Photo by MarineGEO

We recently ran across this fascinating article on mangroves, courtesy of the folks at Smithsonian’s Marine Global Earth Observatory.

Mangrove forests are considered one of the most important, and complex, ecosystems on the planet, found in subtropical and tropical coastlines of nearly 120 countries.

The article explains how they exist in a delicate balance with neighboring coastal systems, climatic conditions, and human activity.

“Ranging from small shrubs to trees nearly 200 feet tall in some parts of the world, mangroves have become masters of adaptation to the kind of swampy, brackish waters that would suffocate most other species: they filter out salt as water enters their roots, store fresh water in their fleshy leaves, and some even send thin shoots up to the water surface to act as mini snorkels.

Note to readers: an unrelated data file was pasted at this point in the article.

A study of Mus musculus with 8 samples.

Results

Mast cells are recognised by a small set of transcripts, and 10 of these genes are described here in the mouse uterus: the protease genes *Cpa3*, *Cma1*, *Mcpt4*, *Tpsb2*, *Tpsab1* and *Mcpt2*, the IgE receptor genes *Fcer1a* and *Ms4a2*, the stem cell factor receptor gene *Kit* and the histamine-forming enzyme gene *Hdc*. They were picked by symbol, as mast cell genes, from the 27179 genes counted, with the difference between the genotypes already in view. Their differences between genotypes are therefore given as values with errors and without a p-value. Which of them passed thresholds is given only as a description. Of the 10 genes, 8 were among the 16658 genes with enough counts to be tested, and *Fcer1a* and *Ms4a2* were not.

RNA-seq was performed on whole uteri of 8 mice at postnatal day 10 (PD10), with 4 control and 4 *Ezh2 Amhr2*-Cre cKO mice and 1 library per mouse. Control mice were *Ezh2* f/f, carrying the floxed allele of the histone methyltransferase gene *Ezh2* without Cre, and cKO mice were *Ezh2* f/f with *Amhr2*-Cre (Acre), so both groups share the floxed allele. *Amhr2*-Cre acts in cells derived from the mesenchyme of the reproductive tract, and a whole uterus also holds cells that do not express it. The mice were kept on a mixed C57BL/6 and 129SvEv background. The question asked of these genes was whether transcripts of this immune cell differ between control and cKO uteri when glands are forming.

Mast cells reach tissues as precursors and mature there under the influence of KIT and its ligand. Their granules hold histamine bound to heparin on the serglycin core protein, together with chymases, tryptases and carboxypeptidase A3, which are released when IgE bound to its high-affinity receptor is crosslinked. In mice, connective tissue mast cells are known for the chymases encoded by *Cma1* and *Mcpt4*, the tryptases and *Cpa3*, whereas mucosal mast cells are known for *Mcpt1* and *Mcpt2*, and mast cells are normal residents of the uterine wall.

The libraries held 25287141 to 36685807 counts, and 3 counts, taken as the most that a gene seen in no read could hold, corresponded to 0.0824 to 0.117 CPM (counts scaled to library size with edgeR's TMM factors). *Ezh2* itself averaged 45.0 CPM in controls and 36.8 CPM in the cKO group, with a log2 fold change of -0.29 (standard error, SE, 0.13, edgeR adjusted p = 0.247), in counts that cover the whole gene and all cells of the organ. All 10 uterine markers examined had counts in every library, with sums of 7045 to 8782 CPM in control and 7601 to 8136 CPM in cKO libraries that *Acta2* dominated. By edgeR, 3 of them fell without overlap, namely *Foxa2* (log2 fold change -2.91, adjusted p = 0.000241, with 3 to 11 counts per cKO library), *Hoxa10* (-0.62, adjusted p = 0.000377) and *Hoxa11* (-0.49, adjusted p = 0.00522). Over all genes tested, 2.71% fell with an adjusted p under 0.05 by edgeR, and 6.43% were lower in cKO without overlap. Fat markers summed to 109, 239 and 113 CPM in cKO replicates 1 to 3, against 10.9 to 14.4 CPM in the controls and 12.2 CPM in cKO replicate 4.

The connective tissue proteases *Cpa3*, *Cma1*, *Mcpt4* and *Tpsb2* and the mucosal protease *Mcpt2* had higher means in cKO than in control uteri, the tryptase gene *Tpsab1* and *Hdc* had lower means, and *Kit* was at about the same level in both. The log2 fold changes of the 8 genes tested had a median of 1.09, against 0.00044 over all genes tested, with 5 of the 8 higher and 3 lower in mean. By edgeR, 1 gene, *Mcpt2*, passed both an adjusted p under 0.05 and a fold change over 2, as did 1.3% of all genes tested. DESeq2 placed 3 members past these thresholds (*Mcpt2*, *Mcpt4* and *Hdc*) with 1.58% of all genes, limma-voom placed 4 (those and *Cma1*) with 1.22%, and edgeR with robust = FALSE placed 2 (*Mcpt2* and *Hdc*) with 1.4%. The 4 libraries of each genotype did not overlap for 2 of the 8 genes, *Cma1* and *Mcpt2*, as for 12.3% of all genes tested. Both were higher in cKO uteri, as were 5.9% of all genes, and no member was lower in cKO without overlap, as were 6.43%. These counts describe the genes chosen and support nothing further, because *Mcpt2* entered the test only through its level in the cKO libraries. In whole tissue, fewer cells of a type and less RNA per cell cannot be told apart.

Massive and gnarled, the root systems of mangrove forests grow mostly above the waterline. This helps to stabilize and even oxygenate the plants, thanks to thousands of microscopic pores that exist on the bark and roots.

In addition to serving as home and hunting ground to an incredible diversity of animal life, mangroves are valuable resources to the people who live along the oceans. They stabilize the coastline by preventing sediment erosion, offer protection against hurricanes and other devastating storms, and serve as important sources of food, lumber, and medicine for people in many nations. In addition, recent studies of the carbon inputs and outputs of mangrove forests suggest they are “carbon sinks,” that is, highly effective at absorbing carbon dioxide—a large percentage of which is sequestered in forest sediments — thus reducing the amount of greenhouse gas in the atmosphere.”

Click here to read more about these “watery forests” that are very special to all of us who love Southwest Florida!